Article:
Meet Sadiki

Sadiki has lived in Kiziba refugee camp for over 20 years. He is originally from the Kivu region of the Democratic Republic of Congo. He escaped violence in the Congo with his family, and has always valued education. Because there was no secondary school in Kiziba refugee camp, his family sold their most valuable food ration—oil—for Sadiki to attend.

Upon graduation, Sadiki sat relatively idle in Kiziba refugee camp with no job and no opportunity for a university degree based on the $.33 a day he was allocated from humanitarian assistance. At this point in his life, he found fulfillment in playing the keyboard for weekly church services. Unlike many of the men left idle in the camp of 17,000, Sadiki was able to resist the temptations of criminal behavior or drug or alcohol abuse as a means to cope.

Sadiki was accepted in the first cohort of students when SNHU opened the campus in Kiziba Refugee Camp. He was a star, and developed a love of moral philosophy when he learned about Kant through one of his CfA projects. To this day, he’ll discuss Kant with anyone, even if most people don’t know much about it.

Sadiki was the first student to leave the camp for the capital city, Kigali, for a three-month internship with Safe Motos. He helped to design a tech platform to improve the education of motorcycle taxi drivers. At the end of the internship, Sadiki was offered a full time position with Safe Motos. He wanted to take the job, and the employer desperately wanted to keep such a talented young man. However, Sadiki’s advisors at SNHU and Kepler helped him decide to come back to the camp to finish his bachelor’s degree.

The team had learned early on that students were likely to forgo furthering their education if presented with employment opportunities. In this scenario, SNHU and Kepler discussed with Sadiki the benefits to continue exploring his educational opportunities and learning to find fulfillment, rather than just focusing on the deep need for money, a conundrum that is difficult for most Westerns to understand, but which a refugee learner knows all too well.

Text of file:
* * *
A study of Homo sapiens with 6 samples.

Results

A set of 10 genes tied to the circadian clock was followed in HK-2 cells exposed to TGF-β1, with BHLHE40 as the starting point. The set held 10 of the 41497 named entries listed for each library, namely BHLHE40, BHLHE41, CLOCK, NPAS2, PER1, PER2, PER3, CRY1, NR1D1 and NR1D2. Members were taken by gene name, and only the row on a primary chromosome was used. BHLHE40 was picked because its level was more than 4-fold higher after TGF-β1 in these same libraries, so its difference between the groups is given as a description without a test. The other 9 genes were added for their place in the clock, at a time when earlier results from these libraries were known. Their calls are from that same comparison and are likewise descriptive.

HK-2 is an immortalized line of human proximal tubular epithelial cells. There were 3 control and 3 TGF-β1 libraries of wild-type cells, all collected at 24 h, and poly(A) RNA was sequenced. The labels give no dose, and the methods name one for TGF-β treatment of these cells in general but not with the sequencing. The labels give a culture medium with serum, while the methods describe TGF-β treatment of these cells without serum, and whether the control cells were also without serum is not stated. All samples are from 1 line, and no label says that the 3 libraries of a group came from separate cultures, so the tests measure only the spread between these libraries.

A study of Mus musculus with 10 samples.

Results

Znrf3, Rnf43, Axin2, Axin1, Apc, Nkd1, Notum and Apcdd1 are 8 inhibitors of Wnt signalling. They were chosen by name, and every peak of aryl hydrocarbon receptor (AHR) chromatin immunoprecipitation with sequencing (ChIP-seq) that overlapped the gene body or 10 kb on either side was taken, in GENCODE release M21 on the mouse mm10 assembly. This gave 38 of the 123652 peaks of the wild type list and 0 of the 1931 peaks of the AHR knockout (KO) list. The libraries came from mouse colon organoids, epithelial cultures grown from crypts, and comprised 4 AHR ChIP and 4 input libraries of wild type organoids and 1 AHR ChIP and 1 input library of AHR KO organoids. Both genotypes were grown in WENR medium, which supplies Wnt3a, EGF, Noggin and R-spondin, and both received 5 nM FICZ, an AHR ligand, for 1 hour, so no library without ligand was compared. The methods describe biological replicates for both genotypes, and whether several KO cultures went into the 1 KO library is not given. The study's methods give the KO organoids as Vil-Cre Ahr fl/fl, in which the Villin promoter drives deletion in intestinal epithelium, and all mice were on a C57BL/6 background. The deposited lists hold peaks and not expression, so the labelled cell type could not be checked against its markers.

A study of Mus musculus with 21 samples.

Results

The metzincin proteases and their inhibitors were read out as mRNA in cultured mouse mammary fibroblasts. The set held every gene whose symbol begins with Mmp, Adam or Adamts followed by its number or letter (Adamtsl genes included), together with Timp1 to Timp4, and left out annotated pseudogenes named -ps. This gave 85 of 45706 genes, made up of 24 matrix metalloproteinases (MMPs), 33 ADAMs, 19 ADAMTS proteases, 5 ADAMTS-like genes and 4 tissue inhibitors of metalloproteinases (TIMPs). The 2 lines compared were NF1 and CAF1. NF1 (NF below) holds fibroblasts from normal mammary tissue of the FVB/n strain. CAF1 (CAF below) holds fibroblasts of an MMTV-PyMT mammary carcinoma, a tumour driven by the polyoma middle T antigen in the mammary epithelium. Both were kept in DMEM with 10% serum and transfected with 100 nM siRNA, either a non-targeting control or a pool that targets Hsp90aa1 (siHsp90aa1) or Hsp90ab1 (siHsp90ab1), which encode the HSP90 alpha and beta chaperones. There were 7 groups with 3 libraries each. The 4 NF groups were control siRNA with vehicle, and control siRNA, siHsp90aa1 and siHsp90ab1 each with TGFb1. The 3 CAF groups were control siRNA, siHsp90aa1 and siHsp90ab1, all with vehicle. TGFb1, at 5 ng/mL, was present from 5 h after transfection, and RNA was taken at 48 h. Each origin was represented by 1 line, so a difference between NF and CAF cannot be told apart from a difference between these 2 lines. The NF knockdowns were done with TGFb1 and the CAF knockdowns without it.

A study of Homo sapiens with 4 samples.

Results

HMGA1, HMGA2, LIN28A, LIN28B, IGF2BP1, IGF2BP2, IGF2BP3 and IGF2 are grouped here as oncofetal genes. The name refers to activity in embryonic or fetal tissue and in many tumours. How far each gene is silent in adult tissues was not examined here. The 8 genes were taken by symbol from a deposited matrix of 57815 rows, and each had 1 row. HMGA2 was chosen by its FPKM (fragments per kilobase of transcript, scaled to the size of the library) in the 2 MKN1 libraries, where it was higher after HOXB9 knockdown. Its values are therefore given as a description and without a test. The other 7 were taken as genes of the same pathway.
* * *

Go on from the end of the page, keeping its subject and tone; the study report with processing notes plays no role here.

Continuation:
Initially, there were some sour feelings between both the employer and Sadiki himself. But over time, and as he studied in his bachelor’s degree, he started to understand he had a lot more to learn before simply focusing on a job. This was actualized when Sadiki applied for a WISE fellowship and was one of 25 students accepted from around the world. Reflecting back on the experience, Sadiki, with the help of mentors, realized that he was continuing to develop his own sense of a fulfilling life, rather than focusing solely on income. It’s a massive mental model shift for a student coming out of one of the most vulnerable and impoverished life situations imaginable.

Sadiki has just attended his first WISE workshop in Qatar and looks forward to graduating soon. He’s still open to different paths of study or work to continue his journey of fulfillment.